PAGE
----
The table saw is at the heart of most shops, and with 42% of the 720,000 woodworking injuries that happen each year involving a table saw, it’s necessary to know how to handle one safely. Don’t let the numbers scare you though, this spinning blade should instill a sense of caution and respect in you rather than fear. Armed with some safety tips, techniques, and rules, you’ll be getting the most out of your table saw without sacrificing your safety.
- Blade: Make sure your blade is sharp, secured, and free of chipped teeth, cracks, and other defects. Do not change the blade or perform any maintenance without unplugging the saw.
- Clutter: Remove all scrap materials, tools, and other debris from your work area before cutting.
- Safety Devices: Ensure your saw’s safety devices are properly operating (splitter, blade guard, anti-kickback, on/off switch).
- Safety Equipment: Wear safety glasses when making cuts, or a full-face shield when cutting materials that chip frequently. Do NOT wear gloves, long sleeves, ties, loose fitting clothing, or dangling jewelry.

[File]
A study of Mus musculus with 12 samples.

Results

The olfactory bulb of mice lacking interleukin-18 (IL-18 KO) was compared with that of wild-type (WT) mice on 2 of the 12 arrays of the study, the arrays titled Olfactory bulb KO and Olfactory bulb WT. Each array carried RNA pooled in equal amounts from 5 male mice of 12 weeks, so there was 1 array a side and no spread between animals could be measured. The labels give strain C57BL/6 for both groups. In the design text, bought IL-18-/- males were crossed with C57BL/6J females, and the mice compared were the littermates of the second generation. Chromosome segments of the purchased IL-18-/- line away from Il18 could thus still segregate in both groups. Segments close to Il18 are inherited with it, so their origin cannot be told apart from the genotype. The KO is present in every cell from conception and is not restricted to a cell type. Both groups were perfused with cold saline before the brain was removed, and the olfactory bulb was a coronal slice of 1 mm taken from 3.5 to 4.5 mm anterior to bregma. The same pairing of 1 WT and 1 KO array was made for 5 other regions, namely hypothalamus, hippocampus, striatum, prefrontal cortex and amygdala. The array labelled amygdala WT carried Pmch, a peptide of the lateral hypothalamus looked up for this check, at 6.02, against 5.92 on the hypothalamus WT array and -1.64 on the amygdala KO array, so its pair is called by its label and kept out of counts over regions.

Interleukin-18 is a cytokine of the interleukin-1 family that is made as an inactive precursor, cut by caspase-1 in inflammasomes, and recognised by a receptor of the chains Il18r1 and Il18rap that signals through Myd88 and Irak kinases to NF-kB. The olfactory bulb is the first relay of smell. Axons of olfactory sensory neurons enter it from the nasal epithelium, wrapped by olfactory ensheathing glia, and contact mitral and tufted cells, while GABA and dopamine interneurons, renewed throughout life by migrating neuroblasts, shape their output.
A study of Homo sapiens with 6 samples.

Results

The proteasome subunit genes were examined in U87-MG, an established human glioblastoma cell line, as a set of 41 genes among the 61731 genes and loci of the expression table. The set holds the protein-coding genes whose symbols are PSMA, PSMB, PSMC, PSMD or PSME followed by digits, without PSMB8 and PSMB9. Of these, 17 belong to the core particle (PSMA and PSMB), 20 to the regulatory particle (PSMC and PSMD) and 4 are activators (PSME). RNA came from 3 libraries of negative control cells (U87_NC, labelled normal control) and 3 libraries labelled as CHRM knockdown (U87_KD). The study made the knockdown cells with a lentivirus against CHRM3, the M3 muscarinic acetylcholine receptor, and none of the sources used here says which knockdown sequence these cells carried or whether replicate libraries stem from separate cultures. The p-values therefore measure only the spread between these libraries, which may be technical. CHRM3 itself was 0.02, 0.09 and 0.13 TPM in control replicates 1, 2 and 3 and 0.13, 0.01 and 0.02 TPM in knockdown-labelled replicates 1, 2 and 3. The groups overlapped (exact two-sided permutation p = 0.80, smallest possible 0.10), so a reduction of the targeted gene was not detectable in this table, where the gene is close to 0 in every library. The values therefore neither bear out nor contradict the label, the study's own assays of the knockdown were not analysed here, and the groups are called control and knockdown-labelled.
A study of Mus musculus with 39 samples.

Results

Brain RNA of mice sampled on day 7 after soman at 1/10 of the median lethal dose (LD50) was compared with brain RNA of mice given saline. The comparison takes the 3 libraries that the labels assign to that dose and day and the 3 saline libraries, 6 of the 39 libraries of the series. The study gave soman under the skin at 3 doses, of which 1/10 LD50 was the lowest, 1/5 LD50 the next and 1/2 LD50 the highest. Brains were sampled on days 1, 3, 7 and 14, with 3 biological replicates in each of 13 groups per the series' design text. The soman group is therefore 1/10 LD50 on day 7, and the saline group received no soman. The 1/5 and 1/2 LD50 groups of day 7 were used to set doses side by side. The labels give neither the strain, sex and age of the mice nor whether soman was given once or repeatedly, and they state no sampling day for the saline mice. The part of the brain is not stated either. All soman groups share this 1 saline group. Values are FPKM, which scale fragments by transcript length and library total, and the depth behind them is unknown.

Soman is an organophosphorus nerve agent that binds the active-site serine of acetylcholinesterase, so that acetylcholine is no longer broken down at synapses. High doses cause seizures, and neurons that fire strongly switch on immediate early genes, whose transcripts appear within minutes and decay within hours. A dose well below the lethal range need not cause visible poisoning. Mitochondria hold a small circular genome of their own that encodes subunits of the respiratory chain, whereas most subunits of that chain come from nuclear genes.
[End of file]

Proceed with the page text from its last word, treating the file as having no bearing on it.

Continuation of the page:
- Cutting: Stand with your weight equally balanced on both feet. All cuts should make use of either the miter gauge or fence, but not both. Position yourself so that your body is NOT in line with the blade. Ensure the blade never comes between your body and your hands.
- Wood: Check your stock for nails, knots, screws, stones, etc. These items can cause issues while cutting, including injury from projectiles.
- Push stick: Make sure you have a push stick available for any cuts that make cause your hand to pass within 8” of the blade.
- Adjusting: Ensure the blade has fully stopped before adjusting the table saw. After adjusting, make sure the blade is free of obstructions before turning on the power.
- Trust your instincts: If you have any doubts about a cut, don’t do it.
- Clean up: After your cut(s) are complete, let the blade come to a full stop on its own. Turn off the table saw and lower the blade below table height.